The 111-store Rhode Island-based discount chain, with help from its customers and private supporters, is donating $1.4 million worth of food to 13 food banks.

A massive convoy of 15 tractor trailers streamed out of Quonset Tuesday morning, loaded to the gills with food.

The back of each truck carried Ocean State Job Lot's trademark slogan, "The END of High Prices," but based on the overwhelming delivery of food that will be distributed to area food banks, the motto could be changed to "The END of Hunger."

At least, that's what the company seems to be trying to accomplish with its "Three Square Meals" program to alleviate the food crisis throughout the Northeast.

A total of 78 tractor trailers will make their way to 13 food banks and pantries in six New England States, including the Rhode Island Food Bank.

It's the largest single food donation of its kind by a private company in New England and that's the point, said Job Lot Owner Alan Perlman.

"We're leading the fight against hunger, starting from the community garden level to distributing nutritious food, to then teaching people how to create and eat healthy meals," he said. 

Along with the departure of the first of several convoys of tractor trailers Tuesday morning, Job Lot announced a partnership with the New England Patriots Alumni Club and the University of Rhode Island's SNAP-Ed program, Scotts, Burpee Seeds and culinary institutions to "tackle food insecurity in the region from supporting neighborhood gardens to providing nutrition education in the community," a release stated.

The enormous donation comes through small, $1 donations that customers were invited to make at Job Lot cash registers through Dec. 31 of last year. 

Job Lot matched the first $100,000 made by shoppers. In the end, a total of $1.4 million was raised - enough to fill 78 semi trucks.

Job Lot leveraged its wholesale buying power to add even more value to the donation.

Donated items will include shelf-stable food like pasta, cereal, canned vegetables, fruit, soup, tuna, beans, rice and more.

On top of that, for the first time in the 11-year run of the Three Square Meals Program, private companies are sponsoring their own truckloads of food. They include Bank of America, the Providence Journal Charitable Fund, Polar Beverages and Bob's Red Mill.

Job Lot's efforts haven't gone unnoticed and not just because the tractor trailers heading north on Route 4 and Interstate 95 required a State Police convoy and slowed traffic for miles. 

"[Their] compassionate support has made a real and lasting difference in the lives of so many New Englanders," said Maura Daly, chief communication and development officer for Feeding America.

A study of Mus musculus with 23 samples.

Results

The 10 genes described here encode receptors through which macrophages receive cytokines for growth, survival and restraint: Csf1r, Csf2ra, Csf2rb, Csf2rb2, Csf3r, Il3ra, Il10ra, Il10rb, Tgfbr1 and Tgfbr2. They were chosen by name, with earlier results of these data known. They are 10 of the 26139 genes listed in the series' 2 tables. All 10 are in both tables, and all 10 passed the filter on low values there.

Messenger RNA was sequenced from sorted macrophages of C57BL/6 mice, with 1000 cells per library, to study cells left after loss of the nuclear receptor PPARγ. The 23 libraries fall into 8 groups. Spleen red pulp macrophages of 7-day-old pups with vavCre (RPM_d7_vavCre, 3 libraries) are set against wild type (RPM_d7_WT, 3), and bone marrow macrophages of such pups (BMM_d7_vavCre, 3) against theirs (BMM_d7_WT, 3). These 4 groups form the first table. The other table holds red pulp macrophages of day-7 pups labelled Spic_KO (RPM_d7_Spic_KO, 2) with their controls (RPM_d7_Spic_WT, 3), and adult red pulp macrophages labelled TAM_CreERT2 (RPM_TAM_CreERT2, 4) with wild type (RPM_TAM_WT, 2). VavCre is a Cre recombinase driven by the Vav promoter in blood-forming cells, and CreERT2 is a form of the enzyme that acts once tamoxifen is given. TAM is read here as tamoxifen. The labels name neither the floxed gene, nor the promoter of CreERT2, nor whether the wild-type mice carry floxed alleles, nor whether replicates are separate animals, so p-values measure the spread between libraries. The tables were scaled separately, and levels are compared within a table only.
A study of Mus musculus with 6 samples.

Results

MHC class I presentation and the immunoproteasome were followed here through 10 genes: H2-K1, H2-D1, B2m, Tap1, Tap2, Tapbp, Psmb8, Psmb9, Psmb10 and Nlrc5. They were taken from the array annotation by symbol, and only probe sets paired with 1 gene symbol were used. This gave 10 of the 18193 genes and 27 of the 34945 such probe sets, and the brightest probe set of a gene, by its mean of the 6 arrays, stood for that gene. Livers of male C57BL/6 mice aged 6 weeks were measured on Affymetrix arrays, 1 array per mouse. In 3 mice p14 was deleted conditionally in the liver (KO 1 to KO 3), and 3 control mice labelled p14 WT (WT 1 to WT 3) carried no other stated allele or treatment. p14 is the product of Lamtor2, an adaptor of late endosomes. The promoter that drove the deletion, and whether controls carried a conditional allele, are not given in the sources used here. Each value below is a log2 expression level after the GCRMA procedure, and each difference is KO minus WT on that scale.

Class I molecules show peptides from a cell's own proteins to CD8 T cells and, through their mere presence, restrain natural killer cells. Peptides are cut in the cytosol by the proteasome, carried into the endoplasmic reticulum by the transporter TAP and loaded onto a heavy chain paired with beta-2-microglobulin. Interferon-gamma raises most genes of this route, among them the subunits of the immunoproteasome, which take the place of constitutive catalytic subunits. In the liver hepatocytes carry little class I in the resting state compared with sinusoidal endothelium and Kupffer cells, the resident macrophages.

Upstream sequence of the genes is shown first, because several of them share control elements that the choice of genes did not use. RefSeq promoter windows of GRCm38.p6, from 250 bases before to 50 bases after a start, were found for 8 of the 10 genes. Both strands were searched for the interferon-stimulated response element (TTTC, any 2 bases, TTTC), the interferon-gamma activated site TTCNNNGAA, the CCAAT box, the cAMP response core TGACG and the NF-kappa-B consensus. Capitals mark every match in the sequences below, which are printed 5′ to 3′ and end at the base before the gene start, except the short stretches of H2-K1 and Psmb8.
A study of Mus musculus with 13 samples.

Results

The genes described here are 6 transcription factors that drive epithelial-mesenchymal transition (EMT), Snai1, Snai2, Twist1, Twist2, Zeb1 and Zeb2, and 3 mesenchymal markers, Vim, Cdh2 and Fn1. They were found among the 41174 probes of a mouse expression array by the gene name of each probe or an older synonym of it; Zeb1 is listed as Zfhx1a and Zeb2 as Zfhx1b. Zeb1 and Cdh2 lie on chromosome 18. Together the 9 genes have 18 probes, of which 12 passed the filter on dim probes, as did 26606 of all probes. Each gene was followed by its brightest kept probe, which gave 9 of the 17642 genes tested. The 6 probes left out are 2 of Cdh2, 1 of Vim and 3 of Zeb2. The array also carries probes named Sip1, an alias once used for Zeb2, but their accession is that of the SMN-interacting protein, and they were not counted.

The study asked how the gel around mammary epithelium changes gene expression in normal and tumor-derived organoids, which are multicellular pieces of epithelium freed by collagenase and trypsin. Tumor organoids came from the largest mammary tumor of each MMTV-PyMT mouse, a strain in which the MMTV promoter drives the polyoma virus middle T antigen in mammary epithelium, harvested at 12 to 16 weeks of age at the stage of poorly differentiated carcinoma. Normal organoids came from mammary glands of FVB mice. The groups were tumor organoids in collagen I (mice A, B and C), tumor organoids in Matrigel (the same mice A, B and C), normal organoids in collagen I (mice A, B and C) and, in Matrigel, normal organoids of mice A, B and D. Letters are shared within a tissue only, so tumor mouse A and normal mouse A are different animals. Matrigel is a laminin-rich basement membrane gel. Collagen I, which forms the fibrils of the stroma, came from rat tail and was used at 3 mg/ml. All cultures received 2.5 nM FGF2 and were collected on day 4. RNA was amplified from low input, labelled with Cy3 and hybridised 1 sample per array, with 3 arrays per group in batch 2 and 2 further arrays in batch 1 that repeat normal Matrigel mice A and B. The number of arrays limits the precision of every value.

Thanks to the donation, area food banks will be able to provide millions of meals to the 1 in 6 Americans who need help getting enough to eat.


Mark Schieldrop March 26, 2014 at 08:07 AM
I was under the impression that the food is all new and freshly bought. The supply is from their normal chain, not a special purchase or separate lot that they isolated for the donations.
Dave Layman March 26, 2014 at 10:17 AM
At a time when most corporations are focused internally, this says so much about a Rhode Island company that is dedicated to helping the hungry who face this problem regardless of the ups and downs of the economy. Quietly, and throughout the year, Job Lot does so much for the community without asking anything in return. They lead by quiet, good example. They make Rhode Island and the Northeast proud.
Alicarn March 26, 2014 at 12:43 PM
I'm very happy to spend my hard earned money at OSJL. A great local company that gives back to it's neighbors.
Bruce Zarembka March 26, 2014 at 02:39 PM
In regard to the comment about dating. This is all first run product. Additionally, and what most people don't know, there are no official USDA or FDA regulations based around product codes or dating. Product dates are something that was started by the food industry processors and manufacturers. Most dates on non-perishable product is a "best if used by" date. This is the manufacturers date which they feel the product is at its optimum level. The product is not "bad" per that date. The dating serves manufacturers in two ways...what they consider to be optimum...but more so, it benefits them in that most people take these dates as gosple and discard the product...guess what...the consumer now purchases more of their product. With perishable product it will generally carry a "sell by" date which means it has to be pulled...using milk as an example, if today is the sell date and one handles the product properly, the milk has a shelf life of 7--10 days following the "sell by" date. Billions of pounds of food are thrown away in this country each year, due to the misnomer that surrounds date codes.
Pam March 27, 2014 at 08:57 AM
Fun place to bargain hunt and a great neighbor! Thank you Job Lot!